When Maya Mavjee was appointed president and publisher of Random House's Crown Publishing Group in December 2009, Crown's nontrade units, including Random House Audio Publishing and Fodor's Travel Group, were separated from the group. They found new homes under Nina von Moltke, v-p, digital publishing development, and being part of that newly created digital group meant one thing for Fodor's: "Our growth was going to come from digital opportunities, whether from our Web site, e-books, or apps," said publisher Tim Jarrell, who has led Fodor's since 2004.

A year into Fodor's new life in the digital group, Jarrell said Random has stepped up its investment in Fodor's digital endeavors, and as the brand celebrates its 75th anniversary this month, Jarrell reports that Fodors.com, which was launched in the late 1990s, now gets two million unique visitors a month. Fodor's has been monetizing the site through advertising for more than 10 years (an ad rep firm handles sales), and two weeks ago, it refreshed the site's design. "We think the site has a significant opportunity to grow," said Jarrell.

Fodors.com has grown substantially already, and throughout that time, one thing has remained constant: all online content is free. "Our philosophy is, we're going to provide the best content and the best experience to the consumer in the format they are in," Jarrell explained, noting that the company does not worry about "protecting" content that exists in print books by not posting it for free online. However, print remains a significant part of the business; Fodor's sold more than one million copies of its guidebooks in the U.S. last year. This year it will publish 115 new guidebook editions, the same number as it released in 2009, and down only slightly from the 130 titles it published in 2005. The publisher's bestselling guidebook in 2010 was Fodor's Costa Rica, followed by stalwarts such as Fodor's New York City, Fodor's Paris, Fodor's Caribbean, and Fodor's Walt Disney World.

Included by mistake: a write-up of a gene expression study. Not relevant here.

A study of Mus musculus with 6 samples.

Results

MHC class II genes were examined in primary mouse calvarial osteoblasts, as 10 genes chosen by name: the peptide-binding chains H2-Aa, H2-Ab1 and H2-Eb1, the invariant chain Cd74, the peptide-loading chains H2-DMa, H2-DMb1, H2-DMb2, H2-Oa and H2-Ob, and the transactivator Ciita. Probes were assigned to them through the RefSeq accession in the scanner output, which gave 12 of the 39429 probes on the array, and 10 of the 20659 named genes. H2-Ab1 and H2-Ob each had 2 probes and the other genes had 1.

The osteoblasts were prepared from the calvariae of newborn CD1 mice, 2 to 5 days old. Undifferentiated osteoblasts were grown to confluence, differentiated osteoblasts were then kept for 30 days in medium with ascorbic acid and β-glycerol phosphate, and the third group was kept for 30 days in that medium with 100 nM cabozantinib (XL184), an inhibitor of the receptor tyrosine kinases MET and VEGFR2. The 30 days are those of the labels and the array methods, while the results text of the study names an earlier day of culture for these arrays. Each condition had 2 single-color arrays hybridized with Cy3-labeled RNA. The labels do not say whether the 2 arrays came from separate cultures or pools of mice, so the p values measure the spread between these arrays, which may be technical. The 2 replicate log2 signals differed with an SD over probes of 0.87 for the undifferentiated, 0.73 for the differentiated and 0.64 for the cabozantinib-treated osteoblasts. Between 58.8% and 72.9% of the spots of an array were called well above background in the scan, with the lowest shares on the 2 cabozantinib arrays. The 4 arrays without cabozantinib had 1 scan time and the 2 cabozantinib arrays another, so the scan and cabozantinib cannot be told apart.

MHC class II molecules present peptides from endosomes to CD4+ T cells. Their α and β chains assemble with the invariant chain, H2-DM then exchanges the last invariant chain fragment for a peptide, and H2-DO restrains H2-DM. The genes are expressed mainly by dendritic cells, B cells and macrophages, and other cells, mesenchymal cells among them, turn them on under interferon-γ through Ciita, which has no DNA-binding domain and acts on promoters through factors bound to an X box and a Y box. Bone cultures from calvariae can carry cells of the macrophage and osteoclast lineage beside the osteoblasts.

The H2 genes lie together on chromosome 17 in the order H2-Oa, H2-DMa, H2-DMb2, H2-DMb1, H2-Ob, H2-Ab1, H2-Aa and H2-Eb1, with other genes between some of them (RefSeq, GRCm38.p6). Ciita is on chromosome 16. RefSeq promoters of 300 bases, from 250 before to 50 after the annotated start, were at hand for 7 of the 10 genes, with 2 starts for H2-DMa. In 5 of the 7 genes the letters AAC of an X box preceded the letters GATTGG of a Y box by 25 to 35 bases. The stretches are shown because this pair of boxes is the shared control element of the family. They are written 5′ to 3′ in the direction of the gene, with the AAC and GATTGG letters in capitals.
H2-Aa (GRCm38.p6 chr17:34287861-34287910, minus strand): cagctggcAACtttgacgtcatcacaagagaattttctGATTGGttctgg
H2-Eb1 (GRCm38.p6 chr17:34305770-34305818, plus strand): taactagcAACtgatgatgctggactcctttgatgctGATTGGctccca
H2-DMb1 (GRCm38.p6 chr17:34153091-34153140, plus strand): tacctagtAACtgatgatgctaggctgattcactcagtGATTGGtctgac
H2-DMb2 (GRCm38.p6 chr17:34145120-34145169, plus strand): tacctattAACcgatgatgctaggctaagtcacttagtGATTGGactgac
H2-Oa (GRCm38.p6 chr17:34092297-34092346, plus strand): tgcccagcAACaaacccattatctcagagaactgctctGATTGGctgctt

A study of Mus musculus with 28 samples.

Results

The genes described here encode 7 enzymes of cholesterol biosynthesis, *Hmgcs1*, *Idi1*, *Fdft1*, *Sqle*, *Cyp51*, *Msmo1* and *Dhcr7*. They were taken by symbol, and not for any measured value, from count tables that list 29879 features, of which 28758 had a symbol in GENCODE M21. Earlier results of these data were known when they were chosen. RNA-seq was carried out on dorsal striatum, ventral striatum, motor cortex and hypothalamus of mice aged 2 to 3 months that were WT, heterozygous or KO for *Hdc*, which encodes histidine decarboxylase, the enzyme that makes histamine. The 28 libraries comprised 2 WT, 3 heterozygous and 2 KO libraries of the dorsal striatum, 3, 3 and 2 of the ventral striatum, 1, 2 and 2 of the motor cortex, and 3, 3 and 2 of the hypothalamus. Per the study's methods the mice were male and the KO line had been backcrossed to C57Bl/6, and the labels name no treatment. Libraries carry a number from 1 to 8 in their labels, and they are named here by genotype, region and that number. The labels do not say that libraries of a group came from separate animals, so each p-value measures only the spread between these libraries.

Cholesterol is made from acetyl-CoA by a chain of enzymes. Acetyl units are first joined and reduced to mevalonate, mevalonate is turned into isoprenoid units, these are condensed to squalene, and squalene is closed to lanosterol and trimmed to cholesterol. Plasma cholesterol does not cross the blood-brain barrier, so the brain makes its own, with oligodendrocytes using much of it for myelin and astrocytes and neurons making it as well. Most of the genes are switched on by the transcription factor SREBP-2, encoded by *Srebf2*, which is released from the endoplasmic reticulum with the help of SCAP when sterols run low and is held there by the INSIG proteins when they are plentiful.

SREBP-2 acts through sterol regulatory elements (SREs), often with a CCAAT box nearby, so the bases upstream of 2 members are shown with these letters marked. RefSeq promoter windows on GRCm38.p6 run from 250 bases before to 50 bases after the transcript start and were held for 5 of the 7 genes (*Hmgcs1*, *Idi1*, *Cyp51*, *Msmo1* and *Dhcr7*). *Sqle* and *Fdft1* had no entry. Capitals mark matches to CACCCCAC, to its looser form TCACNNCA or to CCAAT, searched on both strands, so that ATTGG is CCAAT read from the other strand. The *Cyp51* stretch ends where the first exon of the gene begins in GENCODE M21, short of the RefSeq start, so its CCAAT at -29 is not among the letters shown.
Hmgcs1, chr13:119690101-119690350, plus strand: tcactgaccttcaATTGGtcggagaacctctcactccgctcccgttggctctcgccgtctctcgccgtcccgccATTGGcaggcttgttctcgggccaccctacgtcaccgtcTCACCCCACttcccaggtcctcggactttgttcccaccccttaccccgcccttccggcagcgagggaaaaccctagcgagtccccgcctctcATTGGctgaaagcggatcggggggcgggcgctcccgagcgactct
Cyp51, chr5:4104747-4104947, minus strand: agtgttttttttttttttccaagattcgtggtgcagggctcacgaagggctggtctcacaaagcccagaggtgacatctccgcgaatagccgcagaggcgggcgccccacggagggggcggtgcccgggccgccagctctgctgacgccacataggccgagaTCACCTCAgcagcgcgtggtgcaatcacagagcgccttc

Fodor's started doing e-books last fall, and while it has not done any enhanced e-books yet, it has five apps available, for London, New York, Paris, Rome, and San Francisco, priced at $5.99 each. Jarrell said Fodor's will release "a lot more" apps later this year; they will all be city-specific. Fodor's also offers specific chapters of guidebooks via PDFs priced from $1.99 to $3.49, and although Jarrell said the offering is not a huge source of revenue, it is growing. Additional revenue streams include licensing; Fodor's has done deals with Silversea Cruises, USA Today, and Hilton Worldwide, among other companies.

The travel guide market is a crowded, competitive one undergoing lots of change. Fodor's strategy is to provide consumers with digital products that are better organized and easier to navigate than what is currently available. "One of the great things about the physical travel book is you can open it and flip through it, and it's easy to find information. It's not as easy to browse on an e-book reader," Jarrell said. "This is going to be the transitional year where you will see a lot more of these [digital] products [from Fodor's]," he said.